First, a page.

DANGER MOUSE is a relic of a time when the UK had only three (count them, three) national television channels, and even those were not doing anything useful much of the day. As a result, although the shows are energetic and busy, there isn’t the overwhelming pressure to distract the viewer from the channel changer until the next commercial slot.
Which is not to say that DANGER MOUSE belongs to some sun-dappled innocent age where people left their doors unlocked at night and borrowed sugar from one another on a regular basis. It was a commercial product aired on commercial television; it’s simply that the makers allow themselves time to tell a story, however surreal and disjointed. And they do tell the story. Danger Mouse, Penfold and the Baron spend an awful lot of time in between action sequences rehearsing the plot (much as the characters in opera often do), and Colonel K. has no other function. But that’s right for the spy caper idiom too.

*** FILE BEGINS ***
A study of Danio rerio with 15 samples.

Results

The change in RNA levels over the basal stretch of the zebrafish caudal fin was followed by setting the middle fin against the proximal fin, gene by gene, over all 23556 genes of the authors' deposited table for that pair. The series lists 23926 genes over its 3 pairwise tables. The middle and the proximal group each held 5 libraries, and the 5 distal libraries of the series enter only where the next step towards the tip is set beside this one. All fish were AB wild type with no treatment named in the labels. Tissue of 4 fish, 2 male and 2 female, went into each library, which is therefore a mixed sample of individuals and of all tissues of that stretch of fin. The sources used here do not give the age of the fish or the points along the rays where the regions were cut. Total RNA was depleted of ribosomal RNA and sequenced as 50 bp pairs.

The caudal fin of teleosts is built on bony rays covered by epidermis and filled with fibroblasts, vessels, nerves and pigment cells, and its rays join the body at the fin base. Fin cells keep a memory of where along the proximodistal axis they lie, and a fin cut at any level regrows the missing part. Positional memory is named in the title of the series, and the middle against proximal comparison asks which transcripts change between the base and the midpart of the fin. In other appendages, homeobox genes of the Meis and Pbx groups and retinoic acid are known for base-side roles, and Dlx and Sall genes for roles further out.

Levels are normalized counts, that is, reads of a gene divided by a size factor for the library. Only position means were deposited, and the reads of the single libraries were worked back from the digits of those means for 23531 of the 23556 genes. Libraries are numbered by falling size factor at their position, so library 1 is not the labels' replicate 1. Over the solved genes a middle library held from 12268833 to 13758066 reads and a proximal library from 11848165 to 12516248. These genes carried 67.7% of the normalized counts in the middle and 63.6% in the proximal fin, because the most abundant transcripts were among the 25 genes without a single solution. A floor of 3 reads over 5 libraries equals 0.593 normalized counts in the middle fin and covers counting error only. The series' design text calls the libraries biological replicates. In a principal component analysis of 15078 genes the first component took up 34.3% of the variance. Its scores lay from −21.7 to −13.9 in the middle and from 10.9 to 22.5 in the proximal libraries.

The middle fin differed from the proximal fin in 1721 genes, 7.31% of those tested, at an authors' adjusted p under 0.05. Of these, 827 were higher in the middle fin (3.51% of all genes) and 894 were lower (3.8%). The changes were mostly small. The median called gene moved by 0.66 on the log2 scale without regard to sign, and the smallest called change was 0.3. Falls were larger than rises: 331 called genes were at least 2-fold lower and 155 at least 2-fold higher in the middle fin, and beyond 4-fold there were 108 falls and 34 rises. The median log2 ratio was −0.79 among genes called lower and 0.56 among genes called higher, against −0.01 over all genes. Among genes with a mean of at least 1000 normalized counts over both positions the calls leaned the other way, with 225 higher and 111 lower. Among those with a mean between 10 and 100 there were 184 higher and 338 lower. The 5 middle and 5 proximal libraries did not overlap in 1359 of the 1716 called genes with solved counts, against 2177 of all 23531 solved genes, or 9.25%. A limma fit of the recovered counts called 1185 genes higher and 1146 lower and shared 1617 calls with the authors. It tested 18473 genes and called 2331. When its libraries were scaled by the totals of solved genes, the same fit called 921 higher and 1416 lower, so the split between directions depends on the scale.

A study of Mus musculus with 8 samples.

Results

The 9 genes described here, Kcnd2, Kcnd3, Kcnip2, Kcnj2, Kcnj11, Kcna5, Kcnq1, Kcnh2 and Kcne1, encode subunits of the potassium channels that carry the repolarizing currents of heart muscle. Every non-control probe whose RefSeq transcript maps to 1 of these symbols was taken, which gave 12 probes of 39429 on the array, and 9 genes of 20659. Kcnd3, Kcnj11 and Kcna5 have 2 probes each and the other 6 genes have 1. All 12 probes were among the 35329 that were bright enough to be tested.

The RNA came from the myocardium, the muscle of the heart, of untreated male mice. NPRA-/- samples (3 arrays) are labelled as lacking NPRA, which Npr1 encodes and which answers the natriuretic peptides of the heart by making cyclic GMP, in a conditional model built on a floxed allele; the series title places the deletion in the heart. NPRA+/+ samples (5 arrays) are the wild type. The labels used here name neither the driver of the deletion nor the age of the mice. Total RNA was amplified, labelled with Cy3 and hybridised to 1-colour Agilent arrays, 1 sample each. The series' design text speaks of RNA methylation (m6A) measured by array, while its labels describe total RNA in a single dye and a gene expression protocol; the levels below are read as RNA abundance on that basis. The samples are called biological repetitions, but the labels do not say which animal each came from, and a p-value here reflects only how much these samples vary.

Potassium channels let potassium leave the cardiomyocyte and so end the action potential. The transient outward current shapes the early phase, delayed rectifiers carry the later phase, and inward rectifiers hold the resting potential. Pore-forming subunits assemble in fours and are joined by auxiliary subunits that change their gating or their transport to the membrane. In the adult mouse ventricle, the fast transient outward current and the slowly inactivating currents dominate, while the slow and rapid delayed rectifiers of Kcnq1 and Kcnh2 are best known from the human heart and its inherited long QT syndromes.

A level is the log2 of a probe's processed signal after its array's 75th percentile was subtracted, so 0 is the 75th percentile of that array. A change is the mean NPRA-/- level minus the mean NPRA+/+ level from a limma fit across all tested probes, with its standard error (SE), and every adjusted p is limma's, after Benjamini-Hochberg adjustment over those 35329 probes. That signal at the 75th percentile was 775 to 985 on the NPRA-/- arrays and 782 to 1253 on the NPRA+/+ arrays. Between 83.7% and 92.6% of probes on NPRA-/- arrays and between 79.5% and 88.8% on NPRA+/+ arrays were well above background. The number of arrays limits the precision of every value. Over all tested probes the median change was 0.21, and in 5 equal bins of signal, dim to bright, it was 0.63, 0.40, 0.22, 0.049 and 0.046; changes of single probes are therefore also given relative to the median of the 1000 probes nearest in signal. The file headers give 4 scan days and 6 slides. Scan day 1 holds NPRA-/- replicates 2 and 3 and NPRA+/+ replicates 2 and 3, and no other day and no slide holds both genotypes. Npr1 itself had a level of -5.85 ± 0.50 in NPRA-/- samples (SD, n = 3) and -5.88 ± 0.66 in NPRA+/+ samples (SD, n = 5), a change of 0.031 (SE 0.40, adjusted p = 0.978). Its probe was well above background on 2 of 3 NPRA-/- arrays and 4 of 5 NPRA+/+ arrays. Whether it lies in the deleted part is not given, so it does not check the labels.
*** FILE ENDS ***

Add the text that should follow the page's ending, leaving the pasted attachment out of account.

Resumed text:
Danger Mouse tends, much like his contemporary incarnation of Dr. Who, to spend a lot of time running down corridors.
Of course, texture-less characters standing still against a stationary background with only their mouths moving are a lot cheaper to animate than ones swerving through lovingly rendered spaces with depth and movement of their own. A commercial enterprise, you see. Walking through the darkness with only your eyes visible might even be cheaper, so there’s plenty of that. Danger Mouse tends to move in straight lines at uniform speed. Danger Mouse tends to walk in front of, and parallel to, flat walls. Danger Mouse tends to deal with protagonists who all look the same as one another. Danger Mouse tends, much like his contemporary incarnation of Dr. Who, to spend a lot of time running down corridors. In a straight line at constant speed.
Because DANGER MOUSE is also a relic of a time, the early to mid 1980s, when there wasn’t a lot of money around (unless you were in the first wave of Stock Exchange deregulation fat-cats). Thatcher was busy selling off the nation’s infrastructure and shutting down industries that tended to employ Labour voters. There were three million on the dole, police cavalry charging striking miners and the IRA blowing up Harrods. All against the backdrop of the last, desperate, insane decade of the Cold War. Maybe recycled silent movie sight-gags and music-hall jokes were what the youth of the nation needed. Maybe the channel changer wasn’t what we needed distraction from.